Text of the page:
Have you ever seen your child repeat an activity over and over again – tipping over the a box of toys and emptying it on the floor, rolling a car over an uneven surface over and over again? Building something only to knock it straight back over?
To us adults, it can sometimes seem repetitive, unnecessary, and even frustrating, but to a child, this is actually a significant moment of ‘play based learning’, all part of their essential brain development and when they intentionally repeat a series of actions, it is called a ‘schema’
There are many different types of schema. Sometimes the activities children repeat over and over may seem a little strange, but to the child, it’s a necessary step in their understanding of the world and themselves, as they understand how things move, change, react and the impact that they can have on the world around them through their actions.
Each child is different, and some may investigate more than one schema while others show none at all in their learning. Schema can be observed, identified and understood by families and Educators, and with this, together we can build better awareness of each child’s current interests and ways of thinking.
By observing children in their learning and play, we begin to see these schema emerge, and to understand the questions that children are asking themselves as they play.
“What happens when I push the tower of blocks?” “How does my body move through a tunnel?” “When I throw a block, how far does it travel?”
Once we understand that the concept of ‘schema’ exists, observing our children at play takes on a whole new meaning. We are able to actively look for these cues in play, and create experiences and learning environments that extend on these ideas, allowing children to delve deeper, understand better, question further, supporting them to become confident and involved learners.
Here are some examples of schema that you might see if you begin to observe your child at play, along with ideas on :
This is evident when children enjoy repeatedly moving resources, and themselves, from one place to another. If we observe children engaging repeatedly in the transportation schema, providing small parts such as blocks and vehicles (or anything small and mobile) will encourage them to pick up, move along and put down objects. Within outdoor learning environments, larger objects such as wheelbarrows, boxes and buckets will also support this behaviour.
If you notice your child enjoys putting objects together and dragging them around, or wants to weave things, tie things, or join things together, it is likely they are exploring the connection schema. This involves investigating how materials can be linked and their relationship to one another. Providing children with an opportunity to practise connecting objects such as off cuts off pipes and guttering, magnet tiles, and puzzles allows them opportunities to explore the connection schema. Creative activities also provide endless opportunities to explore ideas of connection, as children are able to stick, staple, tie, cut and tear.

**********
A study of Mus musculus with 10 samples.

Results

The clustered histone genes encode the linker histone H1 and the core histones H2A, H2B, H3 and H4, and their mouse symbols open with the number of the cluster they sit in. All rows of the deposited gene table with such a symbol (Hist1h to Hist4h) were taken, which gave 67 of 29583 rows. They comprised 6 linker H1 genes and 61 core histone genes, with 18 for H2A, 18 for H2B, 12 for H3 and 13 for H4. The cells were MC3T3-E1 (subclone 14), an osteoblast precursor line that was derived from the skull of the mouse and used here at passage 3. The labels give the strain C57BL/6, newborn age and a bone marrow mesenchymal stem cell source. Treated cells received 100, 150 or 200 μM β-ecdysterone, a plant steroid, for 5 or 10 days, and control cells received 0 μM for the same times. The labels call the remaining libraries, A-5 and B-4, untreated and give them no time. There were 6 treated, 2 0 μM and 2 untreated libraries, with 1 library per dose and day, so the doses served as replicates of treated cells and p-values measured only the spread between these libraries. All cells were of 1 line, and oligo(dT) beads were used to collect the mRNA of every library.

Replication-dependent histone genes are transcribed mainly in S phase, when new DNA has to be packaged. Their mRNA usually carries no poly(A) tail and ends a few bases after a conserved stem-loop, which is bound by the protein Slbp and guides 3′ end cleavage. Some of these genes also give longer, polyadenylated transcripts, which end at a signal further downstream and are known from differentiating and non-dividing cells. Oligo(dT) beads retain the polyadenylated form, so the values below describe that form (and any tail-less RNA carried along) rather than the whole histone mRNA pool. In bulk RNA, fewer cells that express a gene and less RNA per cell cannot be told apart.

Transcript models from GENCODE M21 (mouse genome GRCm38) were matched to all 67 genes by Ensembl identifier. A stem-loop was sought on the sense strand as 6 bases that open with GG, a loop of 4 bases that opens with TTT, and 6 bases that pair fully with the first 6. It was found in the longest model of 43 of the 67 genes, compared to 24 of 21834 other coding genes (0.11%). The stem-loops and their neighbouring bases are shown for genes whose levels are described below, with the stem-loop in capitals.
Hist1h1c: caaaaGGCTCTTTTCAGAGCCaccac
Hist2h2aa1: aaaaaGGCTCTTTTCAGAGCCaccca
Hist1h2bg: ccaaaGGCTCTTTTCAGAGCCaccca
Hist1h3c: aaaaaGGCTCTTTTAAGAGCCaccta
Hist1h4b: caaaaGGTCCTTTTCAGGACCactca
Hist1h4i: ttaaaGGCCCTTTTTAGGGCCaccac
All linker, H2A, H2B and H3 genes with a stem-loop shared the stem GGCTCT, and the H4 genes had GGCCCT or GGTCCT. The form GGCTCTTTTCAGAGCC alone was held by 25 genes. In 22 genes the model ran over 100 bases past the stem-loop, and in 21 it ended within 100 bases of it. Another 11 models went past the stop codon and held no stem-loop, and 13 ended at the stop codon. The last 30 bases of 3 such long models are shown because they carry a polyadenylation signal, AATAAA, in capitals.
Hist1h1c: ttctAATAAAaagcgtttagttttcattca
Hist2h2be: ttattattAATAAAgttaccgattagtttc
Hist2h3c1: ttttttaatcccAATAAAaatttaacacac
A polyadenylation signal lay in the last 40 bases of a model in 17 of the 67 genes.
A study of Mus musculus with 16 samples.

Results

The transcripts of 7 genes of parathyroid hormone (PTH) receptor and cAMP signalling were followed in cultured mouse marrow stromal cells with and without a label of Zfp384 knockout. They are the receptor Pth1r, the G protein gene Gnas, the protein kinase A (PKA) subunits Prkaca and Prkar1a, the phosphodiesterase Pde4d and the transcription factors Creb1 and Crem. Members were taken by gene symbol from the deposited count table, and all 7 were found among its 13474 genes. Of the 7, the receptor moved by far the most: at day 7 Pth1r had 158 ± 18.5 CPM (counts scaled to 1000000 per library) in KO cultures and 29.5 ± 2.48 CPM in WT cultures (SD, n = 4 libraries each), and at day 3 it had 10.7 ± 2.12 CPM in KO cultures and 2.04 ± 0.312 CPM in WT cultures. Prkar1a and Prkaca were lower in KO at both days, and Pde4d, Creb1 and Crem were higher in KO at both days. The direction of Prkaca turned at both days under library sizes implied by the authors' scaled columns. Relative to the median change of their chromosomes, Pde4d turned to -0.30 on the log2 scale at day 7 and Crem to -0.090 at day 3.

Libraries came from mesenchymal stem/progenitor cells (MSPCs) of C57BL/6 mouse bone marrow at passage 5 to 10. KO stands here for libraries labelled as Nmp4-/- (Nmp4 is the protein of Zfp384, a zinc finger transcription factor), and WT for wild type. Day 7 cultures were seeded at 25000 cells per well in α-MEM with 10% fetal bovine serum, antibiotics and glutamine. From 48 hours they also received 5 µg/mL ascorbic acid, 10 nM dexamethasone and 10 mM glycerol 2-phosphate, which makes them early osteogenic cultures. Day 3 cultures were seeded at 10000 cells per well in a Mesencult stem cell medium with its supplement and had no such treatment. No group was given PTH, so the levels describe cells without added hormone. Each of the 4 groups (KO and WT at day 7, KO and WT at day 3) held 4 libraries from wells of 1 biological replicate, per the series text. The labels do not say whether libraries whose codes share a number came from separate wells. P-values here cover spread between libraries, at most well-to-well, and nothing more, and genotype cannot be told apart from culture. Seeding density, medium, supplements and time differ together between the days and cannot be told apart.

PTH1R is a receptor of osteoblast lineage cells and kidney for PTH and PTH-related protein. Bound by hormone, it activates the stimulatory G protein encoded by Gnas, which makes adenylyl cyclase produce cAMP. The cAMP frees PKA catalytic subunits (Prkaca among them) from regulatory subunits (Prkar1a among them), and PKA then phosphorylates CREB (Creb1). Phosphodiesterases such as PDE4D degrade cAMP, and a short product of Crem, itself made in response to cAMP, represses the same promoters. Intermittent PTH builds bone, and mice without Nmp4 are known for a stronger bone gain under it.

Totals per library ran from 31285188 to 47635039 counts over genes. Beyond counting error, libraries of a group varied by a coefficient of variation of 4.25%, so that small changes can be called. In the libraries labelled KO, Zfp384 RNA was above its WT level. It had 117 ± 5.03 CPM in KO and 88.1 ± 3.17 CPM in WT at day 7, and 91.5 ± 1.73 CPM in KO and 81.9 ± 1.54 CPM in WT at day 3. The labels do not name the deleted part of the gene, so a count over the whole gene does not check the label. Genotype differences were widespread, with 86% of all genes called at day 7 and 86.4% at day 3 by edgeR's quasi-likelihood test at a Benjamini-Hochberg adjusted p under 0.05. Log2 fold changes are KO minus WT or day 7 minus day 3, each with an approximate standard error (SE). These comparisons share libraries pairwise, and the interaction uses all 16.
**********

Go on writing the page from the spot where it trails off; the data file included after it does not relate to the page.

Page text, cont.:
Often children will begin to show a fascination with the movement of objects, as well as moving themselves and their bodies through space. To be able to explore this schema, children need to experience space and how movement occurs within it. Outdoors there is plenty of space for children to stack blocks on top of each other and knock them down again and again. Planks, beams and large pieces of wood are also great for making ramps and rolling objects down, exploring how they move from one location to another and what they do along the way.
Children often become particularly interested in wrapping themselves up, covering and hiding items, or getting into boxes and closing the lid. Children get deeply involved in exploring how things, including themselves can fit inside other objects. If you observe your children exploring this idea, a great way to extend on this could be to provide cubby house equipment, dressing-up clothes, blankets and pieces of fabric. Barrels and tunnels are good for hiding in.
We often observe children becoming fascinated by how materials change their state, and there is always joy and wonder when we provide experiences that allow opportunities for mixing substances together. We love to add different elements such as water, dye and petals to the sandpit, and often observe little minds discovering how materials change consistency when wet or dry.
We hope that this information opens up a lens into the curious thought that shapes your child’s play, and that you experience the joy of understanding schema and being able to see these emerge in play, knowing that something so simple is allowing your child to explore and understand the world around them.
Thank you so much for allowing us the opportunity to support your children as curious and involved learners at Creative Minds, we would absolutely love to hear stories of schema play at home, and cannot wait to share more information about the learning and development that happens when your children come to learn alongside us here.